Youngsters helped to spread a positive message and made the news recently when the Department of Interior and Kingdom Relations BAK announced the winners of its logo competition for “St. Maarten Plastic-Free by 2023”.
We know that single-use plastics are bad for the environment, because it becomes useless trash that lasts for many, many years, littering both the land and the ocean. The drawing competition was held amongst primary and secondary schools, and the artwork is meant to encourage everyone to be responsible by using the three R’s: Reduce, Re-use and Recycle!
The first-place winner was Cheyla Adams (12) from Hillside Christian Elementary School, second place went to Aquilla Pemberton (16) from St. Maarten Academy, and third place went to Noor Masoud (9) from the Methodist Agogic Centre (MAC) – Browlia F. Maillard Campus.
On page 2 of this edition of The KIDS Herald, we’re concluding our story on the Sea Turtles that are found in and around St. Maarten. The topic of single-use plastic is very relevant when it comes to Sea Turtles, as well as many other animals. Sea Turtles can get tangled in plastic, as they can mistake it for food, such as jellyfish. In fact, half of all Sea Turtles mistake plastic for food, according to St. Maarten Nature Foundation.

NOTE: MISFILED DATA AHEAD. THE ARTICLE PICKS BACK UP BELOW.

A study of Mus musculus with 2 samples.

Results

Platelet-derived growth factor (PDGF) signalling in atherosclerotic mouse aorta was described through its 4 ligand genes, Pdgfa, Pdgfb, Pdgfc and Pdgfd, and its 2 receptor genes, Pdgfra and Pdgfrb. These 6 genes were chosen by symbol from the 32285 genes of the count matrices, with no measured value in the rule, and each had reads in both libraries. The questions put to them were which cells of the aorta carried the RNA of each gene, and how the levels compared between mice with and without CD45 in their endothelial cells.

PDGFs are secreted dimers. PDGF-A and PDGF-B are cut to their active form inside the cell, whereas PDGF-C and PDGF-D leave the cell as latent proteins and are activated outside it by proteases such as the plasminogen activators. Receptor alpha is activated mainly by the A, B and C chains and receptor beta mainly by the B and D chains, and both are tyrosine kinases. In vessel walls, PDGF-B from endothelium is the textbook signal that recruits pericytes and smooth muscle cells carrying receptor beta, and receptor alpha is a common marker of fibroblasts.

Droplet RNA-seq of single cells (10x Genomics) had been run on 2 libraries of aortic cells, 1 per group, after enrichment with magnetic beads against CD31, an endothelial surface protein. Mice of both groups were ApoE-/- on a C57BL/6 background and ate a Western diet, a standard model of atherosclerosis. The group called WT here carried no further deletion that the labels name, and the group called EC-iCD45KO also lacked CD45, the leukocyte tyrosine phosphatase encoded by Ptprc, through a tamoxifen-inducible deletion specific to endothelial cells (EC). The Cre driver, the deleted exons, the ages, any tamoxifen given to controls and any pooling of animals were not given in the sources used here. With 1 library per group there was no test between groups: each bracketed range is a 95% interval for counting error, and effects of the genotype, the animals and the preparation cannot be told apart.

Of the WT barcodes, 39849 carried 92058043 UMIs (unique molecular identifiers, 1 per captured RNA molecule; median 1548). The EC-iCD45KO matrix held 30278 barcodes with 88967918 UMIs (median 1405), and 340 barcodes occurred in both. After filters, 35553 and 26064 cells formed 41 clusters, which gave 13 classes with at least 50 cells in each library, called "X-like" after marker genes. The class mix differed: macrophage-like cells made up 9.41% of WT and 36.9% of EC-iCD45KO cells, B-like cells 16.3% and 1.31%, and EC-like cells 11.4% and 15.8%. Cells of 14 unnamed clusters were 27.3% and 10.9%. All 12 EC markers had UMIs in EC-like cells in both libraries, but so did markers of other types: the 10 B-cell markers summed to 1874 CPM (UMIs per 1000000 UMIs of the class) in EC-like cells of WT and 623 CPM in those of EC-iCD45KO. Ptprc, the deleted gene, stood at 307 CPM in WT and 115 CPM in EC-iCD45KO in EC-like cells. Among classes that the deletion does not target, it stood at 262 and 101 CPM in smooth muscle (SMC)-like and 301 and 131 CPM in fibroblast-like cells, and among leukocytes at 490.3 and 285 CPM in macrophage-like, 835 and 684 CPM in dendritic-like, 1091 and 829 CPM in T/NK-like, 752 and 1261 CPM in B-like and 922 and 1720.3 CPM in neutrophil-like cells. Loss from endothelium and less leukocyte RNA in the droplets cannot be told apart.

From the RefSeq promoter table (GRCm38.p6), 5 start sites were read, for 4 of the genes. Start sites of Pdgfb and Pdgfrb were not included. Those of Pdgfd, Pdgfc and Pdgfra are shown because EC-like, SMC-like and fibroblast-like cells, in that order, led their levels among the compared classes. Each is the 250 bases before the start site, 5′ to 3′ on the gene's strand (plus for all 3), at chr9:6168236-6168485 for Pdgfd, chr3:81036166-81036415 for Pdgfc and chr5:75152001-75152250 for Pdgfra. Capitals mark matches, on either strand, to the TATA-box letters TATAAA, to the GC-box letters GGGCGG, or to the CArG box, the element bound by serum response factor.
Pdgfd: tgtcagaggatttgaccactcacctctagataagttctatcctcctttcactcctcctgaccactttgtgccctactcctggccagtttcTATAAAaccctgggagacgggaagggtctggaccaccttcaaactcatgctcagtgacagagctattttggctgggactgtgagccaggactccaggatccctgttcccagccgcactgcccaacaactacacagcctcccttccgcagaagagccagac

A few more facts from St. Maarten Nature Foundation:
Did you know?
- Plastic releases harmful chemicals into the environment and it doesn’t really disappear – it only breaks down into smaller pieces. These pieces are then eaten by all sorts of animals and fish.
- More than 5 trillion pieces of plastic are floating around in the world’s oceans – that’s 1,000,000,000,000!
- If nothing changes, there will be more plastic than fish in the ocean by the year 2050.
- In the ocean, plastic can be found in almost every level of the food chain, from big sharks and whales, to jellyfish, and even to the tiniest of plankton! This kills lots of marine life every year.
- Every Sea Turtle species has been found with plastic in or around their bodies.
- One study from the year 2015 found plastic in the stomachs of nearly half of the fish they tested.
- The ocean creates half of the oxygen we breathe, so we should definitely care about it!
- All over the world, there is interest in protecting the environment and moving away from single-use plastics. More than 200 countries have either banned things like plastic bags or straws, or charge people a fee to discourage the use of these items.